For low-income students, price of college is surprisingly high

Posted Wednesday, May. 29, 2013  comments  Print Reprints

With most American students enrolling in in-state public institutions in the hope of gaining affordable degrees, the new figures show that the net price — the full cost of attending college minus scholarships — can be surprisingly high for families that make $30,000 a year or less.

As of 2010-11, the average net price for in-state tuition at four-year public institutions in Texas, charged to people in families earning $30,000 or less per year, was $8,907.

That compares with a low of $5,046 in Wyoming and a high of $12,442 in Maine.

TCU, in Fort Worth, was one of the most expensive four-year private schools for the poor in 2010-11, according to the report.

Sixteen percent of the school’s population received Pell Grants, indicating that they’re low-income. But, after scholarships, the average cost to students from families making $30,000 or less was $22,193.

“That is something we’re concerned about and making progress on,” Mike Scott, director of scholarships and student financial aid at TCU, said in an interview.

In the past year, the school put additional money toward the needs of lower-income students, he said. Trustees also determined that part of the revenue from tuition increases would go to need-based financial aid.

“We’ve been steadily increasing the amount of money we give based on need,” he said.

The numbers track with national trends: the growing student loan debt and declining college completion among low-income students.

Because of the high net price, “these students are left with little choice but to take on heavy debt loads or engage in activities that lessen their likelihood of earning their degrees, such as working full time while enrolled or dropping out until they can afford to return,” Stephen Burd wrote in a recent report for the New America Foundation, a nonpartisan group that examines the effects of rising inequality and other trends.

The federal government has increased its spending on Pell Grants for the neediest students. Still, the high net prices show that the grants go only so far.

Burd, a senior analyst for the foundation’s education policy program, looked at data that the Education Department has required public and private colleges and universities to provide for the past few years. The latest average net prices are for the 2010-11 school year.

The net price and much more information about all colleges and universities nationwide are on the department’s College Navigator website.

The foundation’s report argued that many private colleges use their own scholarship money to bring in top students from more affluent families to boost their position in the U.S. News & World Report annual rankings.

“While the problem is not as extreme among public universities, it is rapidly getting worse,” the report noted.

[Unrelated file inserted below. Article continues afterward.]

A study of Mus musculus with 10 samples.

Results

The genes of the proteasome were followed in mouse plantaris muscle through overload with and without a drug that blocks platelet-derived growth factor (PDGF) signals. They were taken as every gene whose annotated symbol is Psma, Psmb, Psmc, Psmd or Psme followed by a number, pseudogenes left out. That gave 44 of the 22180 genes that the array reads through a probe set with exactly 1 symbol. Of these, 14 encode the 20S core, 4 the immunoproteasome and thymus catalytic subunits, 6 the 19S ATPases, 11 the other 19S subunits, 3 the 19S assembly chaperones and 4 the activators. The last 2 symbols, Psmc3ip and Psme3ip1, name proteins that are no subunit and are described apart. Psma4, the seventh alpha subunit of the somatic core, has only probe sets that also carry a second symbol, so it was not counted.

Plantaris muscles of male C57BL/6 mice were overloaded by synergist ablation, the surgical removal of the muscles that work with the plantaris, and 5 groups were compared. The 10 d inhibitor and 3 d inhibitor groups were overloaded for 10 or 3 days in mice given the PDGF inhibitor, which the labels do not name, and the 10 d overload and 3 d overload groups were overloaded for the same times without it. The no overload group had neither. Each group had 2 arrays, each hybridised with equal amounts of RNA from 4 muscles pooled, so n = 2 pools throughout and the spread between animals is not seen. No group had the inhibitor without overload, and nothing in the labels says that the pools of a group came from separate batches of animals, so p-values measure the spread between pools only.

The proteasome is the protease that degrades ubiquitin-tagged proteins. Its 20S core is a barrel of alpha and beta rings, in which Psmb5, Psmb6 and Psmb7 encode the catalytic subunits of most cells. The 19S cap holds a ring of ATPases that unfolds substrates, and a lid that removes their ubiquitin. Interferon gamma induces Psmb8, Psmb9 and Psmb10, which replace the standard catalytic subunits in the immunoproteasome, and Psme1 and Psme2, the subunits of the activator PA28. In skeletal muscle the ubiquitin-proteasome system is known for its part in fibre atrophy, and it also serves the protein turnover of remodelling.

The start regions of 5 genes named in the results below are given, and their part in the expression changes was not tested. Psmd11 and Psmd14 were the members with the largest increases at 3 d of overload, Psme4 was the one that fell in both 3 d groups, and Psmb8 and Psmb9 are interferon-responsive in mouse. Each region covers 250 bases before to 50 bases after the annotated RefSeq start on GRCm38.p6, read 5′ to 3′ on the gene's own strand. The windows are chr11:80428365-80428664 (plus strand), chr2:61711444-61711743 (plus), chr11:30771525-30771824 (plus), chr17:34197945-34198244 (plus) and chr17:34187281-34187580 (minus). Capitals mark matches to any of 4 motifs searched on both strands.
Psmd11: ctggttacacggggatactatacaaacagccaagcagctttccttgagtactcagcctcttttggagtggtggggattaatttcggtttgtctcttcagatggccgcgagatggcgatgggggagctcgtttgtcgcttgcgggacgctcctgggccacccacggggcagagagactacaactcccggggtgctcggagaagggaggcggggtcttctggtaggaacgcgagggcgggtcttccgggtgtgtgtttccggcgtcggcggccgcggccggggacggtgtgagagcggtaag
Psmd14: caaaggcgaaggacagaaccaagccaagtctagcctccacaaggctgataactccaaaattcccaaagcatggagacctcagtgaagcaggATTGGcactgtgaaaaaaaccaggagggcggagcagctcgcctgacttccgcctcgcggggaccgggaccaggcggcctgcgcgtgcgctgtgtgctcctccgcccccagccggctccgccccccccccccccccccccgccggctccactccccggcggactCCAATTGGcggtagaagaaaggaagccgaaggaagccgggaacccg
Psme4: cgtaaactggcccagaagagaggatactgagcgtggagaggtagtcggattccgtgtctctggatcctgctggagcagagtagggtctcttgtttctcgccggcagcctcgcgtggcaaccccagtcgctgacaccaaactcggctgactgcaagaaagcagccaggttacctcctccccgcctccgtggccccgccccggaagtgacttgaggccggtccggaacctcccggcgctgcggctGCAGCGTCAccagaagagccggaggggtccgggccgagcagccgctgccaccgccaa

At public institutions, the loss of state financial support and a rise in tuition play a big part in the trend of higher net prices, Burd said in an interview.

But Burd said school documents show that “the drive for prestige is very strong as well.”

Pennsylvania State University and the University of Missouri-Kansas City were among the most expensive public schools for low-income students. At Penn State, the net price for the lowest income group was $16,000 to $18,000 at schools in the statewide system.

At the UM-Kansas City, it was $16,798.

Officials at both schools said those numbers don’t tell the whole story.

Twenty-eight percent of Penn State’s students receive federal Pell Grants. Full grants, worth $5,500 this year, go to low-income families. Partial grants go to people generally with incomes of around $50,000 or less.

Penn State doesn’t admit students based on ability to pay or deliberately offer aid packages that don’t meet the need, said Lisa Powers, director of the school’s Department of Public Information.

But tuition and state aid are the school’s only source of money, she said, and state appropriations last year were the same as they were in 1996, when the school had 15,000 fewer students.

“The fact is, Penn State does not enroll enough ‘full pay’ students to produce the revenue needed to lower the net price for all low-income students,” Powers said, calling the school’s scholarship fund “modest at best.”

At UM-Kansas City, Jennifer DeHaemers, the associate vice chancellor for student affairs, said the net price figure for two years ago is accurate but no longer relevant.

As of the 2011-12 school year, the school effectively waived tuition for full-time students who receive Pell Grants and maintain good grades. The result is that the school is moving toward making a college education more affordable for Missouri’s lowest-income students, DeHaemers said.

Penn State and Missouri weren’t alone, however, in showing high prices for low-income students, according to the latest College Navigator data.

The average net price, for instance, for the lowest-income students was $15,415 at South Carolina State University; $11,071 at Winthrop University in Rock Hill, S.C.; and about $11,000 at the University of Southern Mississippi and at Mississippi State University.